Nebraska football coach Scott Frost's players may not know much about his time as a Husker quarterback since most of them weren't alive back then.

Granted, YouTube helps. You can easily find clips of Frost leading the Huskers in 1996 and 1997 as an intelligent and rugged player. But it would be hard to find footage of Frost grinding through August workouts in the 1990s. Understand this: He was relentless.

It also would be difficult to find footage of Frost pushing through weight-room workouts with his Husker teammates. He was, well, a freak in that regard.

It seems like something his players should know, particularly as they grind through the early stages of preseason camp.

In addition to his physical prowess, Frost was a leader in the weight room, says Boyd Epley, Nebraska's strength and conditioning coach during the program's glory days and now an assistant athletic director.

"Scott was born with natural power — extreme power," Epley says.

It showed up most when Frost did the hang clean, where a lifter pulls a bar from the ground in an upward thrust to raise it above his chest.

Epley says Frost, as a senior at Nebraska in 1997, raised eyebrows when he chose to clean 300 pounds during the team's physical testing. 

"I don't think we had any quarterback ever do 300 pounds in the hang clean for one rep — ever," Epley says. "Not only did he get five reps, then six, then seven, then eight, then nine — he got 10 reps with 300 pounds.

"I don't think we had anyone on the team that could do 300 pounds for 10 reps."

Think about that for a second. Nebraska won all the marbles that season. It had Jason Peter and Grant Wistrom. It had Chad Kelsay and Jay Foreman. Ahman Green and Joel Makovicka. But it was Frost who led everyone in the hang clean. You think teammates didn't respect that? You think his current players wouldn't respect it?

Frost was one of 10 former Nebraska football players named last week to the Husker Power 50-Year Team.

"It was a tough decision," Epley says. "Of course, we had a Heisman Trophy winner at quarterback in Eric Crouch. So it was difficult to put someone ahead of a Heisman winner. But even though Crouch was a pretty hard worker, he had a lot of injuries. And he was not a leading factor in the weight room like Scott was.

"Scott was the leader of the team."

The 72-year-old Epley settled into his chair Saturday morning, his office situated across a hall from the Nebraska ticket office, which is across the street from Memorial Stadium on the west side. Oh, the stories Boyd can tell. I mean, the man has five national championship rings.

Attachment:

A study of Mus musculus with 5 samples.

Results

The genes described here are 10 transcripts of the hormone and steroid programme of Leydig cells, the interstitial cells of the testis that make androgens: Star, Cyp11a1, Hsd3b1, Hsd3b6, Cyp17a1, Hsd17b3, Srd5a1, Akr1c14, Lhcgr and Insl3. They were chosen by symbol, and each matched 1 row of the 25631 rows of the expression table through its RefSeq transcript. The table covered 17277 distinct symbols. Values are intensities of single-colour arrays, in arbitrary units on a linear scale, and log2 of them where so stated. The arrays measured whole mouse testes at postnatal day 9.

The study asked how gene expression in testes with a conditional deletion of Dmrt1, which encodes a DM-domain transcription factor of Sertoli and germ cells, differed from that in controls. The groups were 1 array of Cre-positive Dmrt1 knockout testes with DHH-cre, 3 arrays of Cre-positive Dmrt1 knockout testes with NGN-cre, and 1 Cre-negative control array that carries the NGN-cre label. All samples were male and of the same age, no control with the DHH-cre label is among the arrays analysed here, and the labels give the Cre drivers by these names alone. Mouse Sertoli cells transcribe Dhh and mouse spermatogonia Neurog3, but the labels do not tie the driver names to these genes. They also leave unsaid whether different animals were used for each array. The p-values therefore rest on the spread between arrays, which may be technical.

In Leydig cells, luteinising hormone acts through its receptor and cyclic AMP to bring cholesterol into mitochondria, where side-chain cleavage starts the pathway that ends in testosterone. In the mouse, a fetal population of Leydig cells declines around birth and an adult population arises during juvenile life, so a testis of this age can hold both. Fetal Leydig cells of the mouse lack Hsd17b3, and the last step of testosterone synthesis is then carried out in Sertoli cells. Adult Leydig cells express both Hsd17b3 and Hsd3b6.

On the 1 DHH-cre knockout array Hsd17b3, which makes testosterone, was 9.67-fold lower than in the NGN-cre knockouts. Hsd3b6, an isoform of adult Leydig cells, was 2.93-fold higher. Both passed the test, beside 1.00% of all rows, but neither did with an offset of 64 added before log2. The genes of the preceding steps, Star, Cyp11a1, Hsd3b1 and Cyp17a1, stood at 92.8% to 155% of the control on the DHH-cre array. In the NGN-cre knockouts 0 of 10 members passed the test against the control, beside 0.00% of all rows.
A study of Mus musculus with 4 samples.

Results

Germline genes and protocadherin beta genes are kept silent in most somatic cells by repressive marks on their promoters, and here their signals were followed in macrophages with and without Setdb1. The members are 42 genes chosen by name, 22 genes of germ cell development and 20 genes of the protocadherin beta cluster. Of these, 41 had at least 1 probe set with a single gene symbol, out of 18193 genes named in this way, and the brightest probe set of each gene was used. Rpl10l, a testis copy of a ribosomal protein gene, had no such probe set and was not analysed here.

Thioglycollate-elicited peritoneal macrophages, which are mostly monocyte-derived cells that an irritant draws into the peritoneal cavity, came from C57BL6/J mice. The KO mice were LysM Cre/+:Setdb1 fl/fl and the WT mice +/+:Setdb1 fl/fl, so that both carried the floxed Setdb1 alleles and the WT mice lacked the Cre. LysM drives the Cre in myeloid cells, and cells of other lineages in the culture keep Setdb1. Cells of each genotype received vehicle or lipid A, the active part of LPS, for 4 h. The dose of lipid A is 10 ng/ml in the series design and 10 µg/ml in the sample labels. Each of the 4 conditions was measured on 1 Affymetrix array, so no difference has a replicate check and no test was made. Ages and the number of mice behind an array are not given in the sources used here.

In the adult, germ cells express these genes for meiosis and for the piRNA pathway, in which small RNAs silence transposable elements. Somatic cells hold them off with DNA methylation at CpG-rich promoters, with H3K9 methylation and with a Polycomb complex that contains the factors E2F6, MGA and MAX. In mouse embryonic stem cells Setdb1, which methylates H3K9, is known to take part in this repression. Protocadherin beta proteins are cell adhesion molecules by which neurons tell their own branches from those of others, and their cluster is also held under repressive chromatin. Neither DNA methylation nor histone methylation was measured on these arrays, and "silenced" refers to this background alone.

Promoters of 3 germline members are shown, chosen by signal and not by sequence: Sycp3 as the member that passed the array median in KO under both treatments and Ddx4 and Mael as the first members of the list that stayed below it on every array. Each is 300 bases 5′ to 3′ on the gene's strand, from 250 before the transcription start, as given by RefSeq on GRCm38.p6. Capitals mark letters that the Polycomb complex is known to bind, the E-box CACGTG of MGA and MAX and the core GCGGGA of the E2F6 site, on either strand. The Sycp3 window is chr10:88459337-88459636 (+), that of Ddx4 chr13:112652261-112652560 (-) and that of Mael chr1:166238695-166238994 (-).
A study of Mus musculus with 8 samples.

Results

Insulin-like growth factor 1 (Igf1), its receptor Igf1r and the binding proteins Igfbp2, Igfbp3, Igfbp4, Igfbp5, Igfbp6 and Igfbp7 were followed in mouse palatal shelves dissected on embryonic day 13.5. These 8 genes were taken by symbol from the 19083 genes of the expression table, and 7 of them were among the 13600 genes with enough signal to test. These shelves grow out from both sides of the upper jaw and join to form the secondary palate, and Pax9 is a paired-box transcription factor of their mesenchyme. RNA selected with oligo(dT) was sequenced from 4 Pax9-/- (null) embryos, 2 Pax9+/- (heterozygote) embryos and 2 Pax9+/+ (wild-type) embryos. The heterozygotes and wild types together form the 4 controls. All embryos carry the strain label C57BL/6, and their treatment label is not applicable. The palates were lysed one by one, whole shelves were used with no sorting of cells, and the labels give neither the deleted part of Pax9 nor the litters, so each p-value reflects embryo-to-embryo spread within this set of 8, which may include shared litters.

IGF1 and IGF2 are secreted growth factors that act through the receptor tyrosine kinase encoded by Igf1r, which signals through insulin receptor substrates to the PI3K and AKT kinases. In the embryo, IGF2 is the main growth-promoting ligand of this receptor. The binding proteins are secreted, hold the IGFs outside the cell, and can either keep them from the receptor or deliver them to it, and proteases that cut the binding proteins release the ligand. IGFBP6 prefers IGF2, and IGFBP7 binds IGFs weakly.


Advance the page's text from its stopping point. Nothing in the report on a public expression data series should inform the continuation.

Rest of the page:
We'll be hearing more from Epley this month as Nebraska celebrates 50 years of strength and conditioning, culminating with a private shindig Aug. 30, the night before NU's opener against South Alabama. This will be a wonderful time for Epley, initially hired in 1969 by legendary Bob Devaney to start the strength and conditioning program.

Frost wraps his arms around this part of Nebraska football history. Last month in Chicago, he remembered the days when the Journal Star published leaders of the Huskers' physical testing. Epley used to gather reporters following football practice to go over results.

"It was competitive, it was impressive and it was a big deal," Frost says of testing back then.

I'm always sort of interested — and dismayed — when younger Nebraska fans express displeasure when someone recalls certain elements of Nebraska football's glory days. "Here we go again, back into the ’90s," they say.

On the flip side, I'm always interested in those discussions because that's when the program operated like a big, nasty machine. Think Alabama and Clemson of today. Frost has said he's trying to use as many of Tom Osborne's methods as possible. Wise move.

The practices often were rigorous affairs under Tom. Epley recalls the first day of preseason camp in August 1997 as being especially intense. Nebraska in 1996 had come up short of winning the national championship, in large part because the Huskers were outfoxed by Texas coach John Mackovic in the Big 12 title game. Saying NU was determined to win it all in 1997 is an understatement.

"That first practice was so hard that when the team came in to lift after practice, Scott came to me and said, 'Coach, I just can't go, I'm exhausted,'" Epley says. "That had never happened before. Because he was the leader of the team, I knew something was different. Scott did what he could in the workout, but he was flat-out exhausted."

He wasn't the only one. No fewer than 12 players were on IVs immediately following the drills.

"Those players were so hungry, so intense …" says Epley, his voice trailing.

The next morning, Osborne and Epley discussed the matter. Osborne explained he added an extra station to practice. But after hearing Epley's description of the weight-room session, Osborne decided to remove that station for good.

"Scott was our barometer," Epley says.

You probably can imagine how Epley feels about Frost's coaching ability.

"Scott's a leader. He'll find a way."

Reach the writer at 402-473-7440 or ssipple@journalstar.com. On Twitter @HuskerExtraSip.


Husker columnist

Steven, a lifelong Nebraskan, newspaper enthusiast and UNL grad, joined the Journal Star in 1990 and has covered NU football since 1995.